In most situations, hubris is catastrophic. It leads you to overestimate your competence, which undermines your credibility. This inevitably leads to job problems and, potentially, to problems in your personal life as well. For writers, though, hubris may not be such a bad thing. In fact, it might be essential for aspiring novelists.
Slaving away in solitude for months or years, depending on your process, requires a special kind of arrogance. You need to believe, deep down, almost zealot-like, that you are writing something extraordinary…something people will want to read…something that people will want to spend money on. Devoting that kind of time and energy to a project, especially for indie authors and first-time novelists who lack a fan base to shore up their egos, in short, requires hubris.
You need overweening pride in yourself, in your work, in your imagination and there is nothing wrong with that. Without that hubris in play, most books would go unwritten or unshared. You can’t do without it and you shouldn’t try. The problem with necessary hubris, and you had to know a problem was coming, turns up after you finish the first draft.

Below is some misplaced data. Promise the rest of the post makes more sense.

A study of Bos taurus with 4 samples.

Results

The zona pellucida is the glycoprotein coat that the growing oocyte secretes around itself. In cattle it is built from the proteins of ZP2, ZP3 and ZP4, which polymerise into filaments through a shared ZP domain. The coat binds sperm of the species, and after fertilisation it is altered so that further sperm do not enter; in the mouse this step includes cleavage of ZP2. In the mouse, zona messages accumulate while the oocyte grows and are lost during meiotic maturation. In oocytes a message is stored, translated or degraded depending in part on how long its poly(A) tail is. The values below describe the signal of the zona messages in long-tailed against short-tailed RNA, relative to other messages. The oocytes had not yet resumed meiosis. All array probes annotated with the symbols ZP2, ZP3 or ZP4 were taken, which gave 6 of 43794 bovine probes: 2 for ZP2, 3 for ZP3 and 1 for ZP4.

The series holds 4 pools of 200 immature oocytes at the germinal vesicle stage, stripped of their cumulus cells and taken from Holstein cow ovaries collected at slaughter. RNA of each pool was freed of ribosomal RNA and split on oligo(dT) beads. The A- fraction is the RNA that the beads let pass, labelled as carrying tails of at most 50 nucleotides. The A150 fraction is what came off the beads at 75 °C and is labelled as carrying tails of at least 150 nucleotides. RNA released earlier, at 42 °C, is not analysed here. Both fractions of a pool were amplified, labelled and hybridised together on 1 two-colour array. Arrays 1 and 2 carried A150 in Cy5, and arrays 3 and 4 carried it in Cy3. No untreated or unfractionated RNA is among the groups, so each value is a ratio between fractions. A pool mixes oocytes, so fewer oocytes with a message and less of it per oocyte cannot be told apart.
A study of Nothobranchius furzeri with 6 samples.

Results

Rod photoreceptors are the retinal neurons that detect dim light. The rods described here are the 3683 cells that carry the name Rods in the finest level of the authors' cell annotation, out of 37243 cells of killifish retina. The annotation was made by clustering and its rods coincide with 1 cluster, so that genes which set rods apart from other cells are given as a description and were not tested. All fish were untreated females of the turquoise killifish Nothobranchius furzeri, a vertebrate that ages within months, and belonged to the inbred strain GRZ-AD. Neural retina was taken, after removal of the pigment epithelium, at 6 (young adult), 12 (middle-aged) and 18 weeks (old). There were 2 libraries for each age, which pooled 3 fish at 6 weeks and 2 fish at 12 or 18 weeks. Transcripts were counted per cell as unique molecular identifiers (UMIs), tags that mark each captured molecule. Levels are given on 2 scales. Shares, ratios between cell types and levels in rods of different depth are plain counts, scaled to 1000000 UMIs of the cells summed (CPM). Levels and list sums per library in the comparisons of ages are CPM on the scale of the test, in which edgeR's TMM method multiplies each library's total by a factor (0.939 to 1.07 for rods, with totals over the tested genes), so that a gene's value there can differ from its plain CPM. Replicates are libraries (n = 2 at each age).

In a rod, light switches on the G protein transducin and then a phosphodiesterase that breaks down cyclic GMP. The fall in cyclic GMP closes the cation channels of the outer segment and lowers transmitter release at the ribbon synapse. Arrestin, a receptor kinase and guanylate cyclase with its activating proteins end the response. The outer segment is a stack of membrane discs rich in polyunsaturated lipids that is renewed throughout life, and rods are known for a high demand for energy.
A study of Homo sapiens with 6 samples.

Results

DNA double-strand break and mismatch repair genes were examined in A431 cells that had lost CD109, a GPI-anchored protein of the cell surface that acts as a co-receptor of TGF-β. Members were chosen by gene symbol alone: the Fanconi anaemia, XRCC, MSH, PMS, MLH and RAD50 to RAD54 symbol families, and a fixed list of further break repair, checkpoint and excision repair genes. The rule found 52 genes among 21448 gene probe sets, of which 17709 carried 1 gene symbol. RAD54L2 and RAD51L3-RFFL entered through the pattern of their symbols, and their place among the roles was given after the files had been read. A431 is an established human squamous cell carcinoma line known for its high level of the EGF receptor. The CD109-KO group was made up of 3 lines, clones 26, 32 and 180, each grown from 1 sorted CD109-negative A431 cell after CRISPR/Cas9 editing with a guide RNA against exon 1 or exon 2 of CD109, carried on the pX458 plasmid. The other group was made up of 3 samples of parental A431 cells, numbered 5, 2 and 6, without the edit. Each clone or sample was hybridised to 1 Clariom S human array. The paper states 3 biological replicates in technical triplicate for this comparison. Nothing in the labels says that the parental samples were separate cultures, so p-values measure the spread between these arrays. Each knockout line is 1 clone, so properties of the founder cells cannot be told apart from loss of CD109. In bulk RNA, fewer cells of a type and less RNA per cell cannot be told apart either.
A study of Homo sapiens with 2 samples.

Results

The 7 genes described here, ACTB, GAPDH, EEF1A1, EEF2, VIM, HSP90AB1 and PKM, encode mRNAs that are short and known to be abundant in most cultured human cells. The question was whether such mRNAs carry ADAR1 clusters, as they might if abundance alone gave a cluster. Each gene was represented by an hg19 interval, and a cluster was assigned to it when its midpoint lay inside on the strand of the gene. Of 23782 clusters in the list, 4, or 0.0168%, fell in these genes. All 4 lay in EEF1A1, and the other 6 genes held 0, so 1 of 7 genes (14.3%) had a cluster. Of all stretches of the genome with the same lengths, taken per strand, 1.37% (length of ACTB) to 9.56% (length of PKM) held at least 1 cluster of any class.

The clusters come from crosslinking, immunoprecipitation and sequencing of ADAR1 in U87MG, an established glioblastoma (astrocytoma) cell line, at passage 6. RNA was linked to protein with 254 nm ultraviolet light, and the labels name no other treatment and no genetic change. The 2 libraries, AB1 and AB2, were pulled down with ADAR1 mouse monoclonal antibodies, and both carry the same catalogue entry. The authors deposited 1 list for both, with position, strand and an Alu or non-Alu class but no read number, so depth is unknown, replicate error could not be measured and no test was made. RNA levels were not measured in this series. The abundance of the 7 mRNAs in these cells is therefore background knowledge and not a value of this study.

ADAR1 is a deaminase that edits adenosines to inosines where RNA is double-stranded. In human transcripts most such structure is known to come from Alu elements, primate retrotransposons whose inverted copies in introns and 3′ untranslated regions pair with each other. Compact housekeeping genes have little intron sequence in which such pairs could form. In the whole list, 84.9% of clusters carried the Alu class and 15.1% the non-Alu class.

That same hubris that let you sustain the work can also lead you to believe that it doesn’t need the attention of an editor, or that the novel doesn’t have structural issues, characterization issues or simple language issues. You are, of course, wrong about that. No matter how well-crafted your novel’s first draft is, it needs work. Always. Period. Do not pass Go; do not collect your Pulitzer.
The hardest part of being a writer is seizing your hubris by the tail and hauling it in once the writing is over and the revisions begin. You need to be able to put away the pride and look objectively at the work. If this sounds a bit schizophrenic, well, it is. You’re a writer. Get used to cognitive dissonance. It’s what you signed on for. Think of your hubris like a tool. Not every tool is right for every job. Hubris is a tool for sustaining the process. Objectivity is the tool for seeing it through to the end.